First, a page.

YES, THINGS MAY not be that blushing and cozy for Liberia and its people – there are heightening socio-economic constraints, existing impediments facing the health sector exacerbated by the plague of Covid-19, nation squeezed in tight corner politically, glaring potential state of imbalance – yet there are encouraging sustained and unbending efforts toward changing the development paradigm. Of course, these significantly and sufficiently ongoing efforts shed clear light on the direction the nation is headed, that after all, there is light at the end of the tunnel.
AMIDST THESE TOXICALLY irritating conditions, ongoing developments are unquestionably symptomatic of the proverbial saying “Even when the war is killing us, we have to keep on fighting to the end.” Notwithstanding economic and political wars that are raging, the desire to keep fighting on the part of the Government is glaring. This equal show of strength, real demonstration of commitment, and enduring resistance against all odds are geared toward keeping the national development compass steady so that it not easily wrecked or retrogressed as others may be wishing. By these efforts, the government is assuring and reassuring citizens that progress is possible in the midst of the storm
IT IS THIS adopted forward-moving mentality that has got Monrovia looking plushy now a day, with darkness now giving way to light along some of the busiest corridors, such as the Tubman Boulevard, where the government, with a very tight revenue envelope, is erecting streets light as part of efforts to light up the city again so that children have the time to study under lights as it was in time past.
FOR OTHERS WHO are so bitter and toxically inclined and/or obsessed with the antics of politics, it is infinitesimal of the many things needed to reshape a country as old as Liberia, and considering what is obtaining in neighboring countries that are so young. But the takeaway is the fact that the current President, George Manneh Weah, is determined to march words with action as the case is since his ascendancy about three years, in spite of the present poor financial and economic conditions.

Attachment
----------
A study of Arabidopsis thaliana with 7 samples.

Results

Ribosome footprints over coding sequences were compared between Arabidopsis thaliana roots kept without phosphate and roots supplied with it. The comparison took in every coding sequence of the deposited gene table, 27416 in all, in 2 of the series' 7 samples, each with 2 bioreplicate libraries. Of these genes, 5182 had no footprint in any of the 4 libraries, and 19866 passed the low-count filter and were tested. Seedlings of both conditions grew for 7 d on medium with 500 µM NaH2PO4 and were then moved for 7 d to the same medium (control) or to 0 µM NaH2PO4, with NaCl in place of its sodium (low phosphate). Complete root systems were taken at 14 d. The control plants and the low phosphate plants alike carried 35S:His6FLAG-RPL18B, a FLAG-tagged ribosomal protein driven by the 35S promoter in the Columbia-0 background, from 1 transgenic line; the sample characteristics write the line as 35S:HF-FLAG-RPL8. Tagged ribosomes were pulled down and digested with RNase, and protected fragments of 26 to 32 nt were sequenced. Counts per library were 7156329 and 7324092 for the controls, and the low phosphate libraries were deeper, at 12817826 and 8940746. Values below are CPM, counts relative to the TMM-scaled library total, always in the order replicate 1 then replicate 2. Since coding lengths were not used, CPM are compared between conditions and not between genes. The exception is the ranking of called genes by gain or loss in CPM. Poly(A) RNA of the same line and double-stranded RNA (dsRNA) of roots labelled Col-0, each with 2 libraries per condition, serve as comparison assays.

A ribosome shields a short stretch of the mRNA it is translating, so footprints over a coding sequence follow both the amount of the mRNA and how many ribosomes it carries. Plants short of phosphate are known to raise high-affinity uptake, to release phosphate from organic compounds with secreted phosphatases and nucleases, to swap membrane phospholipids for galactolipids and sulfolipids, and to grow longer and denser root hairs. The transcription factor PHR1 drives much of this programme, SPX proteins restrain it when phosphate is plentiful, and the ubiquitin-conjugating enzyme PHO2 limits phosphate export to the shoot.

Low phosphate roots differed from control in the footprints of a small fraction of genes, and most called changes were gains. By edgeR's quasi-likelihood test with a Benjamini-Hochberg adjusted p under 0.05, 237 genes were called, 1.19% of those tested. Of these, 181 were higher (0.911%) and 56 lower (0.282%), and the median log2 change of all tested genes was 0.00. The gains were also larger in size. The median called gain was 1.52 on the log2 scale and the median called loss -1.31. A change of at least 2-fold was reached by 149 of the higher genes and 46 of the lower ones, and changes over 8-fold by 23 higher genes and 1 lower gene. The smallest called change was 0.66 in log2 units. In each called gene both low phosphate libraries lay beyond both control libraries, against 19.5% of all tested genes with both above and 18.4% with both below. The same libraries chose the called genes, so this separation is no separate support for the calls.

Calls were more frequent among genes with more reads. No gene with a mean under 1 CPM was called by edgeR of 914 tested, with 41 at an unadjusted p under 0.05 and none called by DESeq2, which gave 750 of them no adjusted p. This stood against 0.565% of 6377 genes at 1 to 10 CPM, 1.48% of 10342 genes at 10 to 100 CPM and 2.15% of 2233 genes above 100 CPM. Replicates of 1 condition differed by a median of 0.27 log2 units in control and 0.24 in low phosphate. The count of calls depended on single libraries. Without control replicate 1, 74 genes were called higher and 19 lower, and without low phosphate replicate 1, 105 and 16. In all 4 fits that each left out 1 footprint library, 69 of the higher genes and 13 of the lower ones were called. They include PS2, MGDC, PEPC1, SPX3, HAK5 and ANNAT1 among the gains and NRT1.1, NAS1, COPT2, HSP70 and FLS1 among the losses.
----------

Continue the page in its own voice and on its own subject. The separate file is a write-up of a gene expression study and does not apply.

AS OF THE later part of last year, under the strict directive and watch of President Weah, the first street lights were switched on between ELWA junction and the SKD Boulevard, as a precursor to an initiative to light up the entire Monrovia and its environs, so that people gain confidence once more to walk around at night, so that criminality on the streets of Monrovia is minimized and so that street peddlers can ply their wares as long they can at night.
NO MATTER HOW small it be seen by others for obvious or political reasons, we think it is a significant step towards the desire to make our cities much more attractive and appreciable as we do for cities in other parts of Africa. The way to welcome such development is to thank the President and the government for thinking and acting so positive. To thank the President and the Government, we are taking cue from God’s directive to mankind: “In all things say thanks, whether good or bad, whether small or big.” In similar manner, God warns that he can’t grant us bigger things when we fail to acknowledge the little he has done.
LET THIS CLAIM the attention of Liberians to show appreciation to leaders when they show determination and concern to ameliorate things that are improvable or seem un-improvable. It is also our unfathomable conviction that the government will get much more inspired to undertake greater development programs. Yes, bit by bit we will get there. Thank you Mr. President for lighting up our streets again, thus taking us back to the antebellum days of our existence. We are humble.